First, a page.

When we think about cities of the future, there is one thing we can be certain of, they will look radically different.
World Built Environment Forum Summit
23 April 2018
It’s an uncertain future. Rapid urbanisation, climate change and resource scarcity are some of the biggest challenges we face.
But at the same time, new technology has given us the opportunity to transform how we do things. Whether that involves buildings, energy, or infrastructure, we have the chance to change things for the better.
What can we learn from someone who has been at the forefront of exactly this kind of transformation?
JB Straubel is Chief Technical Officer at Tesla and part of the founding team. He told the World Built Environment Forum London Summit about the importance of harnessing innovation in order to join the ranks of the disruptors, not the disrupted.
Barely 15 years old, Tesla has transformed the car market, overtaking many of its much more established rivals in the process.
But when Tesla’s founders were thinking about setting up the company, they weren’t thinking about building cars. They had much loftier ambitions – they wanted to accelerate the world’s transition to sustainable energy, as Straubel explains:
“It was the environmental challenge posed by burning fossil fuels that was the inspiration for us. Our mission was broader than cars, it was how can we as a new company effect change? This is very different to most car companies. The world needs a very different solution to transportation if we are to make our existing world sustainable.”
And no one is in any doubt that the modern world has a pressing problem. As cities become denser and larger, the problems wrought by fossil fuels – air pollution, quality of life and ultimately, global warming – will only get more acute.
The present picture is somewhat gloomy. Despite all our efforts, the concentration of CO2 emissions in our atmosphere is accelerating.
But this also presents us with a massive opportunity, and one that Tesla has leapt on.
“The continuing rise in CO2 emissions points to how much work there is to be done,” states Straubel.
“But it also points to the new opportunities there are to launch new products and start over, a chance to reinvent the way we have done things in our energy infrastructure. We don’t get many chances like this. But it requires a different way of thinking.”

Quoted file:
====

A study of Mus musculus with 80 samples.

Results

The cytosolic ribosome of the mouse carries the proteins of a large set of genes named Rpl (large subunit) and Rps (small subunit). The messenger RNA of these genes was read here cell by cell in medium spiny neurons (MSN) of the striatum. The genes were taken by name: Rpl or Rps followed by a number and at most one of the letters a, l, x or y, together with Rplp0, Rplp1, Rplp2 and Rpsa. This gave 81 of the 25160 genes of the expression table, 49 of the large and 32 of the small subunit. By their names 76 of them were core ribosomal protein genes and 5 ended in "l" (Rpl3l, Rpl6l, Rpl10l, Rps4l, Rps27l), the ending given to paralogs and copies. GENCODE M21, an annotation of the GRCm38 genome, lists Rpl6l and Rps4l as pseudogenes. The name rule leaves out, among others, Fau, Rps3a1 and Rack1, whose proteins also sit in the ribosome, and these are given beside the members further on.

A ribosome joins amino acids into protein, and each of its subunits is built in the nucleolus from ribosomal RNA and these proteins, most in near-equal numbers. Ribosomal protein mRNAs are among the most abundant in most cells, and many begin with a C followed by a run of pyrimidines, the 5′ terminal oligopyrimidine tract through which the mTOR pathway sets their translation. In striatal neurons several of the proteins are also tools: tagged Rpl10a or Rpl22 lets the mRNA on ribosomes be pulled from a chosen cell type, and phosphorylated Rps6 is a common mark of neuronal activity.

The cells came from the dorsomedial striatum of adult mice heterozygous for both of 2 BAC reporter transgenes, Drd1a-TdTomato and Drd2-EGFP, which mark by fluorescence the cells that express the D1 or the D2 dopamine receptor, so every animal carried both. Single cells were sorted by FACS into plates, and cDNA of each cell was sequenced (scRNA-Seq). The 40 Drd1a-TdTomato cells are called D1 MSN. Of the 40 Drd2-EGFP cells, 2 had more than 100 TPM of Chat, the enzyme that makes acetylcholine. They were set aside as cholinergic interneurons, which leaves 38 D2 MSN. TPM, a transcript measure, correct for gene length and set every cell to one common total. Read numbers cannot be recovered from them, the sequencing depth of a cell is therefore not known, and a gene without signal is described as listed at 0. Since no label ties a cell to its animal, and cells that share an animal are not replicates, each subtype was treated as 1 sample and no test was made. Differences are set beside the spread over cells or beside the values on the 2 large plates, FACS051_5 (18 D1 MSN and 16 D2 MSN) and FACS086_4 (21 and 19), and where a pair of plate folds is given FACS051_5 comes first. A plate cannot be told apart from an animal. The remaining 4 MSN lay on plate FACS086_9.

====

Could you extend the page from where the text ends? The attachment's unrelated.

“People’s mindset shouldn’t be a reason not to go in the right direction,” he says. “In some cases, particularly when it comes to technological innovation, people just don’t know what it’s capable of so it’s important to have the commitment to do something.”
When Tesla embarked on its journey, early efforts at commercialised electric vehicles were viewed as nothing better than glorified golf carts. The company would have to set about changing this opinion if it were to succeed.
In the end, Tesla’s timing was perfect. The price of the lithium ion battery was reducing dramatically, and the company was poised to take full advantage. “It allowed us to create a car with range and power that could actually compete,” he says.
Its first car, the Roadster 2008, broke the mould and had a big impact on the global opinion of electric powered vehicles.
As Tesla continued to innovate, it began to redraw the car from the ground up.
“This is a key lesson for innovation in all areas,” he states. “The Model S was built from the ground up. Our designers had a lot of freedom and flexibility to build the car.
“The problem established industries have is that they follow a rule book, but you really need to throw that away and challenge assumptions,” he adds.
This is something, says Straubel, that we need to apply to the entire transportation system.
One of the greatest criticisms levelled at early electric vehicles was that they couldn’t go terribly far without needing to recharge.
Tesla solved this problem by creating their own supercharge network and rolling it out across the US and abroad.
“The network has ended up being a valuable part of the product. It’s a key insight into what’s happening with electric vehicles but also transportation in general – everything is becoming networked in a system.”
Tesla sees the future of cities as electric, but this won’t be without its challenges.
Providing charging points in a dense city environment is a challenge, and Straubel says this is one of the things they are hard at work on. “There must be better ways to interface between building infrastructure and new technology vehicles,” he says.
In addition, Tesla is also trying to make its cars cheaper and more accessible, “customers are very hungry for this new technology” he says.
“I would argue that our cities need to become all electric, that is what will enable sustainability.”
Putting its money where its mouth is, Tesla’s latest foray has been into energy generation, creating solar powered systems linked to Tesla batteries, so that homeowners have complete control over their energy use, selling the energy back to the grid or living off the grid altogether.
It’s a fundamental shift in energy infrastructure.
“In the future, it won’t make sense to build giant centralised power plants, energy will be a distributed system, analogous to how smartphones and cellphones leapfrogged the telephone,” he argues.
In fact, he concludes, if utilities don’t change the way they operate they will be left behind in this new age of the consumer.
“The stone age came to an end not for lack of stones, and the oil age will come to an end not for lack of oil. Innovation is going to make products better and better.”